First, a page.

Just how many households receive government benefits?
Over at the Wall Street Journal, Sara Murray crunches the Census data and finds that 48.5 percent of U.S. households, nearly half, now receive “some type of government benefit.” That category, she notes, includes mean-tested programs like food stamps, subsidized housing, cash welfare, and Medicaid, as well as retirement programs like Medicare and Social Security.
But it’s worth noting that the chart on the right, while interesting, characterizes “government benefits” in a very specific and narrow way. It doesn’t include the vast buffet of tax breaks and deductions for things like employer-provided health care or mortgage-interest payments. As Len Burman and Marvin Phaup have shown, these sorts of tax expenditures totaled $1.2 trillion last year — dwarfing food stamps, welfare, and subsidized housing combined — and reach a much broader range of Americans (many of them in higher income brackets).
And, as Burman argued when I chatted with him last month, tax expenditures are functionally equivalent to direct spending programs. Giving a person a $1,000 tax break for employer-provided health care isn’t terribly different from handing that person a $1,000 check to buy more health insurance. But politicians often prefer to conduct social policy through tax expenditures because it can be sold as a “tax cut” rather than as a spending program.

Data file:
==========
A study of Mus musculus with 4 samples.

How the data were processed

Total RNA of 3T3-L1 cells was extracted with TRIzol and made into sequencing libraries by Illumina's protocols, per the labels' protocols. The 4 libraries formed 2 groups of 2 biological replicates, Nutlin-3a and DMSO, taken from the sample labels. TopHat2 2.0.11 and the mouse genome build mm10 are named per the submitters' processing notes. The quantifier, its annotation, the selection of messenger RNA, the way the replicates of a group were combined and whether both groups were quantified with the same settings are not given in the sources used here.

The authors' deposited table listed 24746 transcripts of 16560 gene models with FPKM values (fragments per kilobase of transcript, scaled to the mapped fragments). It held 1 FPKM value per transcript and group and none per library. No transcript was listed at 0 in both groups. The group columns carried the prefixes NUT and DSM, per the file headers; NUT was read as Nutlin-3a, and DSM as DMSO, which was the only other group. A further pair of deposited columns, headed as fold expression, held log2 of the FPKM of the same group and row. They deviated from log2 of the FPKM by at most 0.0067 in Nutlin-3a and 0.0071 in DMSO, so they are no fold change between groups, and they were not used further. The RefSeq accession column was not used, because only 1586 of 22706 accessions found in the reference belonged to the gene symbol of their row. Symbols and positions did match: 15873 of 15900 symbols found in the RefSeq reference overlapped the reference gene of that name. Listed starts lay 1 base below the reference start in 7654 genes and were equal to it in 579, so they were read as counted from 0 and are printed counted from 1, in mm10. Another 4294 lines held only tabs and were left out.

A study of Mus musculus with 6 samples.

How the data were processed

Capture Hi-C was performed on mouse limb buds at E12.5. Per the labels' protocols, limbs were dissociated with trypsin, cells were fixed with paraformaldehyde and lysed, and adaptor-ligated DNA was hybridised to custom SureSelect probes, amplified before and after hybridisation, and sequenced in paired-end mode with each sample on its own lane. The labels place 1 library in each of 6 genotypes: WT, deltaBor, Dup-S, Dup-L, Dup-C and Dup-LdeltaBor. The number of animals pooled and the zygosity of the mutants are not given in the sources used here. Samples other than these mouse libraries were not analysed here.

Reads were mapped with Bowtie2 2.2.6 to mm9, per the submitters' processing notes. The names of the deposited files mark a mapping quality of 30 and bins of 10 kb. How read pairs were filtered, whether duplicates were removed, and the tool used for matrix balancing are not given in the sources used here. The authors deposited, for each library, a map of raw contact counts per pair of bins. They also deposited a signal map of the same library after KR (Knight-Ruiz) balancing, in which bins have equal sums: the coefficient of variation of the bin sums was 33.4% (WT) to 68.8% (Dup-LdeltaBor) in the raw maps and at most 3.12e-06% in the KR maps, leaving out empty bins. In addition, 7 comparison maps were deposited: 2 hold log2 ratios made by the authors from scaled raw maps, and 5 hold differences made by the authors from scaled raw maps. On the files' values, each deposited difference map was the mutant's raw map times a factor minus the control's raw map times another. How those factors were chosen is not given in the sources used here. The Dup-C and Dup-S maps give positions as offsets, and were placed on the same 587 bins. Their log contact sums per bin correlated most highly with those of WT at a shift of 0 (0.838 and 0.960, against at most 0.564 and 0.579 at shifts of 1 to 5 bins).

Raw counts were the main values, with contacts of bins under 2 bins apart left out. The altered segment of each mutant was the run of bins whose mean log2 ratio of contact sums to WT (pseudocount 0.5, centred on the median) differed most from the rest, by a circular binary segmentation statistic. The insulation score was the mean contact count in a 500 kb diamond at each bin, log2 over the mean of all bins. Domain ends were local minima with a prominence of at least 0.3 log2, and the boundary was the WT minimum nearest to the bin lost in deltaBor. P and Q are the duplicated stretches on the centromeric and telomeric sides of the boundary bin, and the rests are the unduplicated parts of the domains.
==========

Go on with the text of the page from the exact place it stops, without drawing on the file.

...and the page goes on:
Still, the net effect, as Suzanne Mettler has argued, is that Americans have a somewhat distorted view of the size of the U.S. welfare state. Check out her chart here showing that most people who benefit from what she calls “the submerged state” insist that they have never used a government program. And this set-up makes it easy to believe that only the bottom 48.5 percent (and rising) relies on Uncle Sam. But, in principle, there’s no reason why government benefits should be split into different tiers.